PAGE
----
By IHI Team | Thursday, June 23, 2022
Telemedicine and the Challenge of Diagnostic Accuracy Photo by Afif Kusuma | Unsplash

The following is an excerpt from the Telemedicine: Ensuring Safe, Equitable, Person-Centered Virtual Care white paper.

Telemedicine presents new challenges for diagnosis. Providers must learn how to address and overcome these risks when possible and determine when a virtual visit is not appropriate because the risk of diagnostic error is too high.

Diagnostic errors are one of the most prevalent safety issues in ambulatory care and this risk can be exacerbated by a virtual visit. In one study, more than 40 percent of respondents expressed concern about their ability to get a proper treatment or diagnosis virtually. During an in-person interaction, a provider can observe a more complete presentation of the individual before them. For example, a skin rash can be viewed from more angles and the provider can touch the area of concern for a more complete assessment of the issue.

Moreover, clinicians often rely on other forms of observation to fully assess a patient’s condition. Observing body language, personal behaviors, and other individual characteristics can offer a more complete picture and reveal opportunities for intervention. In addition, telemedicine visits typically involve an interaction between a single provider and the patient, while office visits often involve interactions with other care professionals, including nurses, medical assistants, and technicians, all of whom can inform the final diagnosis.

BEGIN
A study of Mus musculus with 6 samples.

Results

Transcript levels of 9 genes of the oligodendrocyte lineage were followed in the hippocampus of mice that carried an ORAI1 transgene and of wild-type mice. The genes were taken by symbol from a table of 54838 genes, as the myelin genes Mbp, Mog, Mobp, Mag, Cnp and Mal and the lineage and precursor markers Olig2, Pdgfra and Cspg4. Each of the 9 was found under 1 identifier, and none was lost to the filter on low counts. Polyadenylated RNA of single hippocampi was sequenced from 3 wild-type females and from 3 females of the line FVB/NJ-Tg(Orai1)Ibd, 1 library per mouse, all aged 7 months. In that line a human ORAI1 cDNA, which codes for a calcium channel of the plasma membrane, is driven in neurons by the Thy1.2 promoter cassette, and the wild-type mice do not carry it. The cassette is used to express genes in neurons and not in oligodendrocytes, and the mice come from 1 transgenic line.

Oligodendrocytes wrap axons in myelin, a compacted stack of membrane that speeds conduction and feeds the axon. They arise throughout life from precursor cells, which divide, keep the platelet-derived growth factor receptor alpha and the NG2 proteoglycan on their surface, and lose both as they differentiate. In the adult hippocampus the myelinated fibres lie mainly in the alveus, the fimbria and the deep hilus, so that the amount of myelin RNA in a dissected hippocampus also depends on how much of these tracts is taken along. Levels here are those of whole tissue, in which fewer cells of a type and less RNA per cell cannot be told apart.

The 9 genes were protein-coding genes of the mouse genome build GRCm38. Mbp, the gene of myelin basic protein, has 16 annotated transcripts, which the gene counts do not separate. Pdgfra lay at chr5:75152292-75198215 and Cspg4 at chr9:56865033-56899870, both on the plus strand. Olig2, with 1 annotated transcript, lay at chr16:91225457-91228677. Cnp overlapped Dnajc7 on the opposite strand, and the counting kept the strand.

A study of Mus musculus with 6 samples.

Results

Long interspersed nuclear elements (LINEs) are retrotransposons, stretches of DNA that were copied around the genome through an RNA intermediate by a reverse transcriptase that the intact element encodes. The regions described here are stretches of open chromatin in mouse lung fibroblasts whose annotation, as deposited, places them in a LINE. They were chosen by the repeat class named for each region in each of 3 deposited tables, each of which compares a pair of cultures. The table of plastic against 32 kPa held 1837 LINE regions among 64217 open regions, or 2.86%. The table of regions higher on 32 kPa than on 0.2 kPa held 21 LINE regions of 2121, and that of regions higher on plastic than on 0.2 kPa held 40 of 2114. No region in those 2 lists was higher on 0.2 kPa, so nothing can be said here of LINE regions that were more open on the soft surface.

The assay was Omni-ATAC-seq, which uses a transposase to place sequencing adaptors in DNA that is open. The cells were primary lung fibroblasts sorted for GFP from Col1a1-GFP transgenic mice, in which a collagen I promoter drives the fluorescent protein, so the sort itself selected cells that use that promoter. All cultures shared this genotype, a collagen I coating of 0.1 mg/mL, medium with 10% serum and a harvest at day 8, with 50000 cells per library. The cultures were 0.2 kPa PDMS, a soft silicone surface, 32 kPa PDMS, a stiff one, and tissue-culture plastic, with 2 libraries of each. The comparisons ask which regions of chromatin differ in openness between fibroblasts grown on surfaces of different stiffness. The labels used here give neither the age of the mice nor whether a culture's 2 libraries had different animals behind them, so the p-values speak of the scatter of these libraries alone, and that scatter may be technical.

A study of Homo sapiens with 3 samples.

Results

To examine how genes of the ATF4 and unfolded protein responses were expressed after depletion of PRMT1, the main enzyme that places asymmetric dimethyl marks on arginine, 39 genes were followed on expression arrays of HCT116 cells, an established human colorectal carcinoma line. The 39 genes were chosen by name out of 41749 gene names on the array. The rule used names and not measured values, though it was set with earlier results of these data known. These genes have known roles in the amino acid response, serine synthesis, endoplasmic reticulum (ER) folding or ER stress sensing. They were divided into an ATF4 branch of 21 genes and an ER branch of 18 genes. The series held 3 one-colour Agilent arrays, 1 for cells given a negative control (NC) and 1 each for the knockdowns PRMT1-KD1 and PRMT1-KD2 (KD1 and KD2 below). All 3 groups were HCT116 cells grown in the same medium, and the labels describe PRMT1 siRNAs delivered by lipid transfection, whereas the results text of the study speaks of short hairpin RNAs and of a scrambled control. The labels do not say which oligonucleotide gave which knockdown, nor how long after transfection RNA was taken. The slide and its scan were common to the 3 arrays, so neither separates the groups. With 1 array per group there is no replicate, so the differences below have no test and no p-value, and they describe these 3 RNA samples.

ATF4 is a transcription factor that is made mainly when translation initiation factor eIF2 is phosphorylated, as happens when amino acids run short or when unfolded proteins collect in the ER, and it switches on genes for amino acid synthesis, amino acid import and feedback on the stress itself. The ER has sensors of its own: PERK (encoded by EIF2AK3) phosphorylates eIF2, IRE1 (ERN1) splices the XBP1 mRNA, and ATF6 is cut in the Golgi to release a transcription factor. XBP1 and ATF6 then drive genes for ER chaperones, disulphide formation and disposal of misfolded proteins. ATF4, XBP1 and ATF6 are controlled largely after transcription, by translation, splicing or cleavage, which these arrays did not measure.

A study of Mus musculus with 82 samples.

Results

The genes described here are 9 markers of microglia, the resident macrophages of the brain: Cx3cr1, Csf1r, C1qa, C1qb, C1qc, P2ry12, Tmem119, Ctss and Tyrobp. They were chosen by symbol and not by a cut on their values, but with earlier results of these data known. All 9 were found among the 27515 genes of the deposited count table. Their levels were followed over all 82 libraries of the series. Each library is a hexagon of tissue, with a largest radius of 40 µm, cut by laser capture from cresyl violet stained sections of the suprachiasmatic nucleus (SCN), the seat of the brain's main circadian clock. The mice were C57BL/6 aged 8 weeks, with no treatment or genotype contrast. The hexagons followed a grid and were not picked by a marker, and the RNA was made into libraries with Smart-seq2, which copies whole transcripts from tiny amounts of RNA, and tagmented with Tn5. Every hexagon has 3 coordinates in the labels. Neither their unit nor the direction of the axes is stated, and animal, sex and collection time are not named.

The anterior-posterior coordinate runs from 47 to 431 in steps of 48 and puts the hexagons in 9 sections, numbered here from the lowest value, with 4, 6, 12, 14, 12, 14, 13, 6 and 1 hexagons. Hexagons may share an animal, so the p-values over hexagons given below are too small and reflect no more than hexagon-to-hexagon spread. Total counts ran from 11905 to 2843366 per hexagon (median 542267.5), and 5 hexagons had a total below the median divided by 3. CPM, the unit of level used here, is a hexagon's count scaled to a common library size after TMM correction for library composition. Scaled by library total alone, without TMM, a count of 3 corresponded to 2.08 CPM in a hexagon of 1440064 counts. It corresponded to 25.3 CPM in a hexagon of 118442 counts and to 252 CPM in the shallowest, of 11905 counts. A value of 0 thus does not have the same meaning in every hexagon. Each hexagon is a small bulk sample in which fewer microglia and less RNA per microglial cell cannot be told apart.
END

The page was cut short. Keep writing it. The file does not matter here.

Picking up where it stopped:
That said, telemedicine also has certain advantages. Video-enabled visits offer the opportunity to see the patient in context, and therefore providers may observe their living situation and how they interact within their environment. For example, the provider might ask a patient to go to the refrigerator and open a bottle or can, which enables the provider to observe the patient’s mobility and dexterity as other inputs to inform diagnosis. (Of course, if the patient prefers greater privacy, as discussed above, their wishes must be respected.) Another benefit of televisits is that the technology makes it possible to engage family members or others who may be geographically dispersed, but able to contribute a valuable perspective. Finally, because a patient typically interacts with only one provider during a televisit, this type of visit may provide valuable additional time for uninterrupted conversations between patient and provider that help improve communication and inform diagnosis.

Another diagnostic risk associated with telemedicine is overreliance on technology. Over the last 20 years, health care systems have recognized that diagnostic errors often occur when physicians rely on the electronic health record (EHR) or other technology to alert them if something is wrong. In a televisit, there is less opportunity to directly observe and examine the patient, and thus providers may be more inclined to rely on patient charts and records. With a relatively limited physical exam possible during a virtual visit, the provider may be too dependent on patient history and laboratory findings to inform a diagnosis. Providers must be keenly attentive to ensure that they thoroughly check and review information with patients during televisits, and that they can distinguish when an in-person visit is truly needed.

Diagnostic recommendations telemedicine

Diagnostic Accuracy is one of the six elements of the framework for ensuring safe, equitable, person-centered telemedicine. To learn more, download the free  Telemedicine: Ensuring Safe, Equitable, Person-Centered Virtual Care white paper.